Economic commentary provided by Alberta Central Chief Economist Charles St-Arnaud. 

Bottom line

Retail sales posted a solid increase in December. However, the preliminary estimate for January points to a decline in spending at the start of 2024. Nevertheless, this suggests that retail sales in the fourth quarter were robust and boosted consumer spending and GDP.

However, the expected decline in January could be a sign that the strength seen in late 2023 was temporary, as it remains driven by population growth and consumers remain cautious. As such, we estimate that retail sales adjusted for inflation and population growth were lower by 0.6 y-o-y in December, while core retail sales were down (-1.6% y-o-y). Most provinces are estimated to have seen a decline in core spending per capita adjusted for inflation, suggesting that individual households are reducing their spending (see Fig 4).

There are some regional divergences. Consumer spending in PEI, Quebec and New Brunswick remains robust, even once adjusted for population growth, while it is weak in Saskatchewan, Manitoba, PEI and Alberta. There are some links between the strength in consumer spending and indebtedness and insolvencies, with more robust sales in provinces with lower indebtedness and insolvencies (Quebec and most Atlantic provinces). In contrast, consumer spending underperforms in provinces with higher debt levels and insolvencies (Ontario, BC, Alberta, Saskatchewan and Manitoba).

The outlook for retail sales and consumer spending more broadly remains tilted to the downside as consumers continue to face the impact of high inflation on their purchasing power and rising interest rates on debt payments. The strong population growth and the resilience in the labour market so far are likely a source of support to household spending. A weakening of the labour market, especially job losses, could lead to significant underperformance in consumer spending and the economy more broadly (see Will it be a hard landing or a soft landing? The labour market will decide).

Retail sales rose 0.9% m-o-m in December, slightly stronger than expected. Compared to the same month last year, retail sales increased 2.9% y-o-y. Statistics Canada also reports that retail sales are estimated to have declined 0.4% m-o-m in January based on a preliminary estimate.

Monthly sales were higher in 5 out of 9 subsectors. Spending at motor vehicle and parts dealers were the main source of increase (+1.9% m-o-m), followed by general merchandise retailers (+2.8% m-o-m), and food and beverage retailers (+1.5% m-o-m). These higher sales were partly offset by lower spending on furniture, electronics, and appliances (-2.7% m-o-m) and health and personal stores (-1.5% m-o-m).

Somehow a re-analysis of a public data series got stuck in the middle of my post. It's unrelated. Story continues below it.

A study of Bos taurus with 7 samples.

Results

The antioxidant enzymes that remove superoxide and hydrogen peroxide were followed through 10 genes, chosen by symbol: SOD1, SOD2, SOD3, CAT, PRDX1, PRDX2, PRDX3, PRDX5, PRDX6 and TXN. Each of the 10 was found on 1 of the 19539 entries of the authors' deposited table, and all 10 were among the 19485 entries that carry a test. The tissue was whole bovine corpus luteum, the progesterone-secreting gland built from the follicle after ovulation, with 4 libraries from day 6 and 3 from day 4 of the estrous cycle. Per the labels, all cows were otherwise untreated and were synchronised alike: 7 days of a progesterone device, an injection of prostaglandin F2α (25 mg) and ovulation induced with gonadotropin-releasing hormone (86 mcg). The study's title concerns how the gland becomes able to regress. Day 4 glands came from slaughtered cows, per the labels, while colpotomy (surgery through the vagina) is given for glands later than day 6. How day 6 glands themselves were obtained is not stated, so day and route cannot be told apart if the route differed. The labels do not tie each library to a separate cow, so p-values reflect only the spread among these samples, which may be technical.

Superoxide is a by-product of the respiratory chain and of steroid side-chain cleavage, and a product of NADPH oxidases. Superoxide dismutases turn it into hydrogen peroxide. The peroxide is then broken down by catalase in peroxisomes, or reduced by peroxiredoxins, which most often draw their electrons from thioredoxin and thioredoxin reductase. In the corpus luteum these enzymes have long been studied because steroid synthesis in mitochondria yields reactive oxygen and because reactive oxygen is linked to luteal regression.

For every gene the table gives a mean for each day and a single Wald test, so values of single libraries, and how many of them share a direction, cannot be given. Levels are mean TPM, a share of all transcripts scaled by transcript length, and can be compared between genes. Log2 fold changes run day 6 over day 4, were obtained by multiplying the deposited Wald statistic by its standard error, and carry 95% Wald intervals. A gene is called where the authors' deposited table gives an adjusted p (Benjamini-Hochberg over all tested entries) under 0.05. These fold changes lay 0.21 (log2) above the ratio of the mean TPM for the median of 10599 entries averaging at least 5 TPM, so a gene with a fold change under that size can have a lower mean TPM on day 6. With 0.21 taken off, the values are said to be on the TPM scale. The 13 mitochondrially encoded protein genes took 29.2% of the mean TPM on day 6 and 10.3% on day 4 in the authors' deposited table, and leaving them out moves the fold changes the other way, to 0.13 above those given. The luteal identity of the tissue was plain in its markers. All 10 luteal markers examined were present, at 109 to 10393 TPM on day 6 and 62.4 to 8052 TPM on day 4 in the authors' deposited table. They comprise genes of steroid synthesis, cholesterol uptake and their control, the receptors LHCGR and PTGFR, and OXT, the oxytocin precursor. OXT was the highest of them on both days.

Core retail sales, which excludes motor vehicles and parts and gasoline stations, increased 0.5% m-o-m (+2.4% y-o-y). The focus on core retail sales is important in the current context, as changes in gasoline prices are leading to volatile sales at gasoline stations, and better motor vehicle inventories are helping satisfy pent-up demand in the sector.

In volume terms (i.e. adjusted for inflation), retail sales were up by 0.8% in December (+2.2% y-o-y). Core retail sales are estimated to have increased by 0.4% on the month (+1.3% y-o-y).

Almost all provinces saw higher sales in December, except for PEI (-3.3% m-o-m). The biggest increases on the month were in B (+1.5% m-o-m), Ontario (+1.3% m-o-m), Nova Scotia (+1.3% m-o-m), and Saskatchewan (+1.0% m-o-m).

Focusing on the y-o-y changes, the value of retail sales increased the most in New Brunswick (7.1% y-o-y), BC (3.9% y-o-y), Quebec (+3.4% y-o-y), and Ontario (+2.9% y-o-y). On the flip side, sales have declined compared to last year in Manitoba (-0.8% y-o-y), Saskatchewan (-0.7% m-o-m), and Newfoundland (-0.1% y-o-y).

Looking at the value of core retail sales, we estimate they increased the most in New Brunswick (+4.6% y-o-y), Alberta (+4.0% y-o-y), Manitoba (+1.9% y-o-y), and Ontario (+1.3% y-o-y). Core spending decreased in PEI (-5.7% y-o-y), Quebec (-3.2% y-o-y), Newfoundland (-3.2% y-o-y), and  Saskatchewan (-2.8% y-o-y).

In volume terms, retail sales increased the most in New Brunswick (+6.4% y-o-y), BC (+3.1% y-o-y), Quebec (+2.7% y-o-y), and Ontario (+2.2% y-o-y). They declined in Manitoba (-1.5% y-o-y), Saskatchewan (-1.3% y-o-y), and Newfoundland (-0.8% y-o-y).

In Alberta, retail sales rose 0.9% m-o-m in December (+2.4% y-o-y). Higher sales at food and beverage and general merchandise retailers were the main source of gains on the month, while a decline at motor vehicles and parts dealers was the main source of drag. As a result, we estimate that core retail sales increase by 3.6% m-o-m (+6.8% y-o-y) in December. Although there are no official volume details at the provincial level, we estimate that retail sales volumes in the province increased by 0.8% m-o-m (+1.7% y-o-y).

Statistics Canada also releases retail sales numbers for Calgary and Edmonton. The data shows some convergence between regions compared to previous months. As such, retail sales in Calgary rose by 1.1% y-o-y, the rest of the provinces by 1.1% y-o-y, while Edmonton was slightly weaker (+0.06% y-o-y). However, the core measure shows that spending increased at a faster pace in Edmonton (+5.3% y-o-y) and the rest of the province (+4.9% y-o-y) than in Calgary (+1.9% y-o-y). This suggests that weak motor vehicle sales in Edmonton explain the differences.